Six on Saturday – 14/3/2020

There’s definitely a sense that things are starting to green up in the garden, though only just managing to outpace the slugs. I went out with a torch one evening in the week, it’s a bit dispiriting to see so many. Chionodoxa have lost almost every bud before they opened and Polygonatum were getting mauled.

One.
Chionodoxa forbesii, I think. I am easily confused by the names of this tribe. Usually I get a dazzling display, improving every year as they seed around. This year I didn’t move quick enough when the slugs moved in. The pink ones I planted this year haven’t been hit quite so hard, less cover for the beasties.

Two.
I’m going to do two Camellias, starting with ‘Debbie’, which is a very common variety and none the worse for that. I think I also included it quite recently, so I’m repeating myself. It has a tendency to outgrow its own root system and get unstable, which this did; so I cut it down by two thirds about three years ago and have kept it down ever since. I’m going to let it go back up so it screens us from our neighbours better, then cut away the lower branches so I can grow stuff under it.

Three.
As with many groups of plants Camellias attract more than a little snobbery, with some people regarding certain types, usually big, blousy and above all, common; as being beneath their rarefied tastes. That’s OK, it takes all sorts. I doubt very much that you’re reading this, but if you are, this one’s for you. Camellia trichocarpa. Another one I’ve been nurturing for years in hopes it will get big enough and strong enough to risk in the great outdoors.

Four.
Epimedium pinnatum colchicum. I chopped all of last year’s leaves off this a week or two back. It needs to be done before the flowers and new leaves get in the way. It doesn’t usually flower very freely but the foliage is a cheerful glossy green and it does well in the dry ground under my big Acer.
SOS1429

Five.
Glasshouse cleaning. Sue’s cactus and succulent glasshouse has been getting more and more moss along the glazing bars and I’ve been putting off tackling it. Yesterday I took out one row of glass, cleaned it and the bars and put it back. I decided that was not the way to do it and got my pressure washer out of the shed. It looks a lot better from the outside and is much lighter on the inside.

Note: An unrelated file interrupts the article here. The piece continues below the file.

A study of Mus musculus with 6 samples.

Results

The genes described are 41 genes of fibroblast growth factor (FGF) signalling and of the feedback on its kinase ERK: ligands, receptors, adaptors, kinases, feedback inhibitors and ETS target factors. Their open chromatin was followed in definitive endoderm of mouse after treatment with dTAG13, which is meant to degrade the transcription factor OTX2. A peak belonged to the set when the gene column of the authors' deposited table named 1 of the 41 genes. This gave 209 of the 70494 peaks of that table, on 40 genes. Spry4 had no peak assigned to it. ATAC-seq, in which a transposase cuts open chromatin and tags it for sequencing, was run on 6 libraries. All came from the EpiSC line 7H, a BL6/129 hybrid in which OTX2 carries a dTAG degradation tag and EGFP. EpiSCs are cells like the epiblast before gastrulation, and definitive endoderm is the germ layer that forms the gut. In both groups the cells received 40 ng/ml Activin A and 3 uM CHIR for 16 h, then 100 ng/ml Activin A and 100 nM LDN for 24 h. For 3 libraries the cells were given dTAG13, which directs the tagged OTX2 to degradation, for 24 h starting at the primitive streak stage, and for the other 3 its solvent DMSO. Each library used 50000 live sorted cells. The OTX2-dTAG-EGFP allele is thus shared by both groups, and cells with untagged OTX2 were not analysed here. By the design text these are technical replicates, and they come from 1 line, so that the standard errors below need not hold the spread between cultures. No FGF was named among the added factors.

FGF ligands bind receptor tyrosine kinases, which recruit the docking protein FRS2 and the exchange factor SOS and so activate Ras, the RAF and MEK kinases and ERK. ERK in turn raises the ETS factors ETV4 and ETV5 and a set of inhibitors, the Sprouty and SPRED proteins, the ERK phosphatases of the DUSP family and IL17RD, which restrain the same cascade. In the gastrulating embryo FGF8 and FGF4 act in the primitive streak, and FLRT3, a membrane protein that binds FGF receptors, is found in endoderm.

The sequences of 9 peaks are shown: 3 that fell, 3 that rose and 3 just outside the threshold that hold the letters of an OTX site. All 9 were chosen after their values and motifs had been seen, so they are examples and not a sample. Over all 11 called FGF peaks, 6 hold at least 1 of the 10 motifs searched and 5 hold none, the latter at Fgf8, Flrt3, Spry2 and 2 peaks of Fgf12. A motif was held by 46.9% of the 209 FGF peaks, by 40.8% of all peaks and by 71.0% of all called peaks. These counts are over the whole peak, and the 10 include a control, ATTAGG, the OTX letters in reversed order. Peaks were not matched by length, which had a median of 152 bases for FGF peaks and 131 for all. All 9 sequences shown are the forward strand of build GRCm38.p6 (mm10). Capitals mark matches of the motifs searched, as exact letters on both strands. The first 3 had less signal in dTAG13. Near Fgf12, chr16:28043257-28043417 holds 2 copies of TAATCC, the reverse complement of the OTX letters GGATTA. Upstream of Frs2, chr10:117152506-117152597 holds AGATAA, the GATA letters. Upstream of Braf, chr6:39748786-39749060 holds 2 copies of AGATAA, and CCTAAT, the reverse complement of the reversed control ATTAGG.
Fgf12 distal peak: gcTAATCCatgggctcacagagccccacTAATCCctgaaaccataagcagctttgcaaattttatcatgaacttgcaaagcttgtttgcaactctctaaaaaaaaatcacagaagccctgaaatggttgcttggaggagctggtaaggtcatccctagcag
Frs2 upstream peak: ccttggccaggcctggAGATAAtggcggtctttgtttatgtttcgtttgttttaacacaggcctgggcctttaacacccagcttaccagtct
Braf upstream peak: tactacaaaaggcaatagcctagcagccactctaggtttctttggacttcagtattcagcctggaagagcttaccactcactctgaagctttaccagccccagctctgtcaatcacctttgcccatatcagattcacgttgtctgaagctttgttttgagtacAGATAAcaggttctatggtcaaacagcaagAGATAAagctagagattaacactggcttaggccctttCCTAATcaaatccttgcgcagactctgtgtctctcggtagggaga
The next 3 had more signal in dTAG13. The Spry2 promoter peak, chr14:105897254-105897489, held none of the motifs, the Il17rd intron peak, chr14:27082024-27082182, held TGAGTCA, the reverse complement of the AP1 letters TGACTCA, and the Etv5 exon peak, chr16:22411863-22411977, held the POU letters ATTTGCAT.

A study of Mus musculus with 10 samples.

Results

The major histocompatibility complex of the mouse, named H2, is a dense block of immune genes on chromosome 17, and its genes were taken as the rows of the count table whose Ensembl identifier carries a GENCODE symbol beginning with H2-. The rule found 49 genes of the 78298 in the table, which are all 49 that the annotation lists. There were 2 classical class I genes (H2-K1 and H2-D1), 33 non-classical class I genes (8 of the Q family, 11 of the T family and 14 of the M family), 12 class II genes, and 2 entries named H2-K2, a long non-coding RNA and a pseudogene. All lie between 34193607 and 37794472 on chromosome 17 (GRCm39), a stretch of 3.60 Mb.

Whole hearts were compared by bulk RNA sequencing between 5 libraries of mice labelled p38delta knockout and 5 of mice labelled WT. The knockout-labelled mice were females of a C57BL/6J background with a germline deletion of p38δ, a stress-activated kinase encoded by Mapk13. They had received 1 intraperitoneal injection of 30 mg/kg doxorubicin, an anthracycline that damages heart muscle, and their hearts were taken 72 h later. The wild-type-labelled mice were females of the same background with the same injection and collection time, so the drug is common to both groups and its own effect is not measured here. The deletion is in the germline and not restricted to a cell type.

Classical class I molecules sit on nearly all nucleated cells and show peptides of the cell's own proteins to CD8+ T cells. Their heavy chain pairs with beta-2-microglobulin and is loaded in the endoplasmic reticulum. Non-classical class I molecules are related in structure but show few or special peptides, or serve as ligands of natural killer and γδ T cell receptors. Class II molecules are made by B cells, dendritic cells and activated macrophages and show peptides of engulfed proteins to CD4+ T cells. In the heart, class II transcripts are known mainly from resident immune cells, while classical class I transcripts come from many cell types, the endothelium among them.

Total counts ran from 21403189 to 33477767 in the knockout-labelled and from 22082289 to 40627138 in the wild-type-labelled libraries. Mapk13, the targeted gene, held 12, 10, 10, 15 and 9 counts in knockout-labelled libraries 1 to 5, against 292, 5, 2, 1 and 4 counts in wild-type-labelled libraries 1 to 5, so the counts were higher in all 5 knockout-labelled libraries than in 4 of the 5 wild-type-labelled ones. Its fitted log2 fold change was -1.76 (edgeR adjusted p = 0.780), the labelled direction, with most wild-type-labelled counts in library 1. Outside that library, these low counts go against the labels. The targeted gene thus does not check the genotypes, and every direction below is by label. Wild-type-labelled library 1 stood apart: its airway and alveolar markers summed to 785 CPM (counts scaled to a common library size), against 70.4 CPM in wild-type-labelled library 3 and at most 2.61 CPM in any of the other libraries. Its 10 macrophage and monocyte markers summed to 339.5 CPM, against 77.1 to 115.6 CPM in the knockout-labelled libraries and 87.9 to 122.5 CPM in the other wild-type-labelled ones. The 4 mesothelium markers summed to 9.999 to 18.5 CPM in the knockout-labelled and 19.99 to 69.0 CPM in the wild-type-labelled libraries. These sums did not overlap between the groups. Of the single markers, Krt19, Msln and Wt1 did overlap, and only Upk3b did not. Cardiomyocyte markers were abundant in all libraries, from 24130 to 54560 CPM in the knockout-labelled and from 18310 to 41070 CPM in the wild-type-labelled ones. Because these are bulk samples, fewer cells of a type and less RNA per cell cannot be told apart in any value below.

Six.
Seed sowing. Just after I posted last week’s six, a packet came through the door with my seeds from the Rhododendron, Camellia and Magnolia group seed distribution. Three Rhododendron species, four Camellia species, one Magnolia species and Fatsia polycarpa. By lunchtime they were all sown; nothing’s up yet.
Back in the autumn I got seed from the Alpine Garden Society seed distribution. Expecting a slow and erratic germination from many of them, I folded several sorts into filter paper sachets and put them into small ziplock bags. I wrote a blog about it at the time. They had a few weeks warm, then several weeks in the fridge and are now back out in the light and warmth to germinate. I’m very pleased to have had 6 sorts germinate so far. I’ve not been vigilant enough, so the roots on a couple had grown rather long, making dealing with them tricky, but I think they’ll be alright. They’ve been pricked off into cell trays.


Today I’m off to the RHS Early Camellia Competition at Rosemoor, part of their Spring Flower Festival that’s on all weekend. I think it should be a very good competition this year, the weather hasn’t been too bad for camellias for the last week, unless you have a very exposed garden. I’ll be back to check out all the posts from The Propagators bunker.

23 thoughts on “Six on Saturday – 14/3/2020

  1. Your Chionodoxa look like mine. I still have some flowers but it’s soon over here too. My camellias will soon start flowering.
    PS: Did you receive / read my email about Chaste tree?





    Your Epimedium is lovely. I didn’t get a chance to cut back the old leaves on mine and noticed this afternoon that one has pretty orange flowers, it grows under the willow tree so difficult to get to. Hope you had a lovely time at Rosemooor. Did you enter any flowers yourself? Or are you a judge?








    You’ll love the difference in your nice clean greenhouse. Mine has been cleaned inside, but not outside – hoping husband will bring the hose or pressure washer round and do it for me!
    Ah, that little Epimedium is such a beautiful colour!